You are faced with several options. Which of the three islands? how long in each? By a boat excursion or on my own? Should I pre-purchase boat tickets? Of course we are all different, and we all travel differently, but this plan worked wonders for us.
The boat excursions sounded like a fun, stress free way of visiting the islands. But the more I looked into this, exploring the islands on our own sounded superior in many levels. The islands are just too beautiful for a quick timed stop. We opted to visit Favignana and Levanzo.
First order of business, purchase the tickets at Liberty Lines in advance. Recently two companies merged to make this purchase a lot more convenient, and tickets do sell out sometimes. Arrive at the port, present your vouchers, and you get your tickets. They ask you to pick up your tickets 30 minutes prior, but I dont think its a hard rule. We opted for the 8:30 boat from Trapani to Favignana (30 mins), 14:00 From Favignana to Levanzo (10 mins), and 17:00 from Levanzo to Trapani (45 mins through Favignana). The one caution: When taking the ferry from Favignana to Levanzo, once you arrive, you may naturally feel like waiting for some green light, or someone to tell you you may leave. That will not come. You need to get up and leave, otherwise, you leave with the rest of the passengers to Trapani. You may be the only one getting off. Get off!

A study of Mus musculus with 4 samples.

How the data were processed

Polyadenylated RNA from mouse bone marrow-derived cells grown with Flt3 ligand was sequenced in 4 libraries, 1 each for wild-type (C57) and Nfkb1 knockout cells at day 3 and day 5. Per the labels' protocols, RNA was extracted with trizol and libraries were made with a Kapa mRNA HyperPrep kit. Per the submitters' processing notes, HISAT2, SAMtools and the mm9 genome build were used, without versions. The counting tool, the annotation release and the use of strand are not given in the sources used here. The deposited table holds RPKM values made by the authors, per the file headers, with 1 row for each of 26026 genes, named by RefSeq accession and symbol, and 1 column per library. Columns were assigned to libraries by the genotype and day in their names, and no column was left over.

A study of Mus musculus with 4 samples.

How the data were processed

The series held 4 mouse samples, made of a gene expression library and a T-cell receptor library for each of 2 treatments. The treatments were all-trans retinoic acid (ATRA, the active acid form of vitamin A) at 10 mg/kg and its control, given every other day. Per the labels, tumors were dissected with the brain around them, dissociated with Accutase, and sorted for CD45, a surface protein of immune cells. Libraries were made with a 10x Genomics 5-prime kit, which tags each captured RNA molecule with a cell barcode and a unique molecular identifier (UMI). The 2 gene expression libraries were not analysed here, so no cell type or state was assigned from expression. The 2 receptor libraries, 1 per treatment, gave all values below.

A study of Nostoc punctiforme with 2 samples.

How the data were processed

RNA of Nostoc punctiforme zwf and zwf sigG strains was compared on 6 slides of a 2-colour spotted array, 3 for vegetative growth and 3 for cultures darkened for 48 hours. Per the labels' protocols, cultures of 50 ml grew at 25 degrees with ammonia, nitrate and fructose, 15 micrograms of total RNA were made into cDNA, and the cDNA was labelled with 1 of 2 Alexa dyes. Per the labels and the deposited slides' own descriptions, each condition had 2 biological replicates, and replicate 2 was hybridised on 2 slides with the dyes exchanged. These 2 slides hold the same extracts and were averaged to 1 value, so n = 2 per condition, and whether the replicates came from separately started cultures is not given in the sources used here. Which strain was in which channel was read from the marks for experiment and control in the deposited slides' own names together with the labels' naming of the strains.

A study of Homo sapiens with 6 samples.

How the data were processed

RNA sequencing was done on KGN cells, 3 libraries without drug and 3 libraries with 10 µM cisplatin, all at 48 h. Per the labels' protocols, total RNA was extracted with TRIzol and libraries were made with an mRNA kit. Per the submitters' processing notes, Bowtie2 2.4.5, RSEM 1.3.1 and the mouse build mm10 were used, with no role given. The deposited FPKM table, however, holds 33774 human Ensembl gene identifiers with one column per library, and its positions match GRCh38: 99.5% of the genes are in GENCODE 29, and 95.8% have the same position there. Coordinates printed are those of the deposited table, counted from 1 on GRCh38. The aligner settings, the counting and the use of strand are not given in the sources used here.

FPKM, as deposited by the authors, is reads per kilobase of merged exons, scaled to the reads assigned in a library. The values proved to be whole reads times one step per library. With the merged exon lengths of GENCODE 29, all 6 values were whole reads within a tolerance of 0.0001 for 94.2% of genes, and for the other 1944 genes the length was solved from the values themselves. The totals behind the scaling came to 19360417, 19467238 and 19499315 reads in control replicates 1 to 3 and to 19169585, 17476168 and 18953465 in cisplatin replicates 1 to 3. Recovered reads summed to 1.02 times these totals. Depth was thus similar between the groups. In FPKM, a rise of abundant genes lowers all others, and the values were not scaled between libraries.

Five hours in Favignana, and three hours in Levanzo seemed about right. In Favignana, the closest and most visited island, biking is king. Rent bikes and explore. And by explore I mean make sure to make it to the stunning Cala Rossa. Or you can try to hire a taxi as we did, and for about 60 euros, give you a tour of the island, drop you off at Cala Rossa, and pick you up at a designated time. We spent 90 minutes which felt about right, maybe another 30 would have been perfect. He took us to see other beaches, coves and a very curious Cave Bianche Hotel, essentially a resort inside a giant hole. Other than that you can visit the beach near the port (walk right), The Tonnara (tuna factory), and the charming little town where you can grab a bite.
On Levanzo, you have Egadi’s biggest, and most important attraction, the cave paintings of Grotta del Genovese. You can try to schedule it in advance or just ask for some info at the bar, or the popup info desk (just a girl greets and helps new arrivals) when you arrive. We opted against doing it, and instead take the 20 or so minute trek to the Cala Minnula. This is another rocky cove with crystal clear water and the added bonus of a forest and picnic tables right there. Just walk right (there’s only one way), until you see the sign at about the half way point. The other big attraction in Levanzo is the picturesque little village you’ll see as soon as you get off the boat. In a way, with only 400 inhabitants, and no hotels, this is the more memorable island.